The Scout Association

The adventure charity for young people has created a short film designed to challenge preconceptions of scouting and young people in today's society

The Scout Association's Expect More video
The Scout Association's Expect More video

What is it?

The short film, called Expect More, is set in east London and tracks the journey of seven young people on their way to Gilwell Park National Activity Centre. As the film begins, you see the young people on a housing estate, with a suggestion they could be caught up in gang culture. As the film progresses, you realise that the children are scouts on a day out. It shows them taking part in various activities including cyling, rifle shooting and orienteering.

Watch the film:


At the heart of the film is the idea that youth organisations and charities have a positive impact on young people. The campaign is supported by a website that also features the film, opportunities to donate and a downloadable guide containing 101 activity ideas.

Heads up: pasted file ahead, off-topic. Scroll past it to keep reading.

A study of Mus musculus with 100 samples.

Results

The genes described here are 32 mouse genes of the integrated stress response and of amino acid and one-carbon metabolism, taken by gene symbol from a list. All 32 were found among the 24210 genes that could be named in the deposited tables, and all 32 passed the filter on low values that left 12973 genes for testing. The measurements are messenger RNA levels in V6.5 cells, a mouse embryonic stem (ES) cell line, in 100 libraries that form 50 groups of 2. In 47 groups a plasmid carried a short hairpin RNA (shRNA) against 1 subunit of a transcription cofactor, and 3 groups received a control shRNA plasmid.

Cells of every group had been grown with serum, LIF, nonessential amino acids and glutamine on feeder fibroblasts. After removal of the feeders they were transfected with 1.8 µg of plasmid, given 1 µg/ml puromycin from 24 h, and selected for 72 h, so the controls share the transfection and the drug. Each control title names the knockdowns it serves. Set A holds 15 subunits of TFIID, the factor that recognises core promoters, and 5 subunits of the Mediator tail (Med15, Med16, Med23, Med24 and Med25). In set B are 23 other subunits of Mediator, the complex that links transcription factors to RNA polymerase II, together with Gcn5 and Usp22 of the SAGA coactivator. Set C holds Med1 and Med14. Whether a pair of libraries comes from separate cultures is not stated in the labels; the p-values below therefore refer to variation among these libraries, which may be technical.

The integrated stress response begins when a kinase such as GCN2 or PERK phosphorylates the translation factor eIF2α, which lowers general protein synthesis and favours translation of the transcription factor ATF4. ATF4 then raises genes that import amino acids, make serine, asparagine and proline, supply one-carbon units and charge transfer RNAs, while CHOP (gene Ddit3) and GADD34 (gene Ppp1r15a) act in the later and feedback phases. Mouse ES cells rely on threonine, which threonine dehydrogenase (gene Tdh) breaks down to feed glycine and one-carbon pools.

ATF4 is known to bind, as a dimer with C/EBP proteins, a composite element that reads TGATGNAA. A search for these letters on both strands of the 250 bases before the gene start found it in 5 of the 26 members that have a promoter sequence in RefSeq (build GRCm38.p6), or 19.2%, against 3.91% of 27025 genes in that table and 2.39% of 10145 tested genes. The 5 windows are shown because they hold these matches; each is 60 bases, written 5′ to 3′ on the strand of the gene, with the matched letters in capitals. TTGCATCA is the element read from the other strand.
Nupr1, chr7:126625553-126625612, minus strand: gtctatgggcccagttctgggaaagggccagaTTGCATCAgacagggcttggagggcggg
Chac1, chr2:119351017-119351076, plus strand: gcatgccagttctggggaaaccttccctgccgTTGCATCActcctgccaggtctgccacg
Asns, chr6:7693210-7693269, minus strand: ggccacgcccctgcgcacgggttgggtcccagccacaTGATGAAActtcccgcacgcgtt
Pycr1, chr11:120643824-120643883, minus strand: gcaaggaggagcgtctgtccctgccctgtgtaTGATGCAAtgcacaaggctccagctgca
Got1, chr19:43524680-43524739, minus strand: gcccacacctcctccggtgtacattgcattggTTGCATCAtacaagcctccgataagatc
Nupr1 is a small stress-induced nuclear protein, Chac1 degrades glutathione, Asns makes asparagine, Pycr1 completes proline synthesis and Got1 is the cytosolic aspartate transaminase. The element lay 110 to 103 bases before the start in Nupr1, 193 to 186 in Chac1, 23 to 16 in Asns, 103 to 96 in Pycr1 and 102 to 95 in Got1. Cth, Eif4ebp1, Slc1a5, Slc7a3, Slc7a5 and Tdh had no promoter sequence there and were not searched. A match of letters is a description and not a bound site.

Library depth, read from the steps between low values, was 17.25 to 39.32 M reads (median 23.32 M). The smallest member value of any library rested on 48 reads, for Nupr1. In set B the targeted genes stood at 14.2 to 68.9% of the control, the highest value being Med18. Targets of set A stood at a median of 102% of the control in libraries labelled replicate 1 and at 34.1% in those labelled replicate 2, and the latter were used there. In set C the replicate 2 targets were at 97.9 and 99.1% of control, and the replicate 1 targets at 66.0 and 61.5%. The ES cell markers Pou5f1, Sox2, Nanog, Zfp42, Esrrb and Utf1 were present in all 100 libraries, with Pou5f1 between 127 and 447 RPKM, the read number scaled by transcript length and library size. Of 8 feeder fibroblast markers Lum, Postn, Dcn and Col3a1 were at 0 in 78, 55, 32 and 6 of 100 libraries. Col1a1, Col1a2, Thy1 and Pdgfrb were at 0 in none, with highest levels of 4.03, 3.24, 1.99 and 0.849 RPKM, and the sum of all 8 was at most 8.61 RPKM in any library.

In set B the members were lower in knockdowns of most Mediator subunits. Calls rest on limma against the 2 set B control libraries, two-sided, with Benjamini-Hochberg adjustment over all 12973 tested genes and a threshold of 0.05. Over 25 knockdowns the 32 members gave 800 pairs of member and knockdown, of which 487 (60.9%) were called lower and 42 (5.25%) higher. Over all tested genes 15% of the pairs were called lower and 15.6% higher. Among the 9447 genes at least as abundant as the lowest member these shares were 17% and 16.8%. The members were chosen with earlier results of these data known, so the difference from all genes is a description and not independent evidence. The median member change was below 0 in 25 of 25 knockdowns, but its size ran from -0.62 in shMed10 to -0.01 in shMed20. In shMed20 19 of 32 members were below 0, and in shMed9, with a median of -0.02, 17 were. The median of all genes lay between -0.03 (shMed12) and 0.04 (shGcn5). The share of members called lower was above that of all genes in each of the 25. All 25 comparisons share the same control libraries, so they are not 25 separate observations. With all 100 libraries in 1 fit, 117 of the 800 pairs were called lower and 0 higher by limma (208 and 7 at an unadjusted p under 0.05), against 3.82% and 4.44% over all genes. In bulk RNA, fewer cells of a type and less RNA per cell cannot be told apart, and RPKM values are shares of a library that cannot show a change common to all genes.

Why did they do it?

A still from the Scout Association's Expect More videoLast year, the Scout Association commissioned an independent report to measure the impact of scouting on young people in the UK. This found that scouting can help young people to make a real and long-lasting commitment to their communities and develop a wide range of valuable skills through adventurous activities.

How has it been promoted?

The Scout Association wanted viewers not to know who had produced the film, so did not use its own channels to launch it. Instead it was launched on the dedicated website andYouTube, where it had had 19,000 views at the time of publication. The campaign was also seeded through The Guardian, Mumsnet, Netmums, Gransnet, Google and Dadzclub, with a mixture of paid for and pro bono advertising.

Who else is behind it?

A still from the Scout Association's Expect More videoThe film was produced by The Cell Productions, a company run by former Liberty X singer Tony Lundon.
Third Sector verdict:

This video is powerful because it challenges the viewer's preconceptions of the characters from the outset. Although slightly too long at more than six minutes, it tells an interesting story and brilliantly showcases the activites the Scout Association organises. With its atmospheric soundtrack, the film makes the charity appear 'cool' - an image not necessarily always associated with scouting.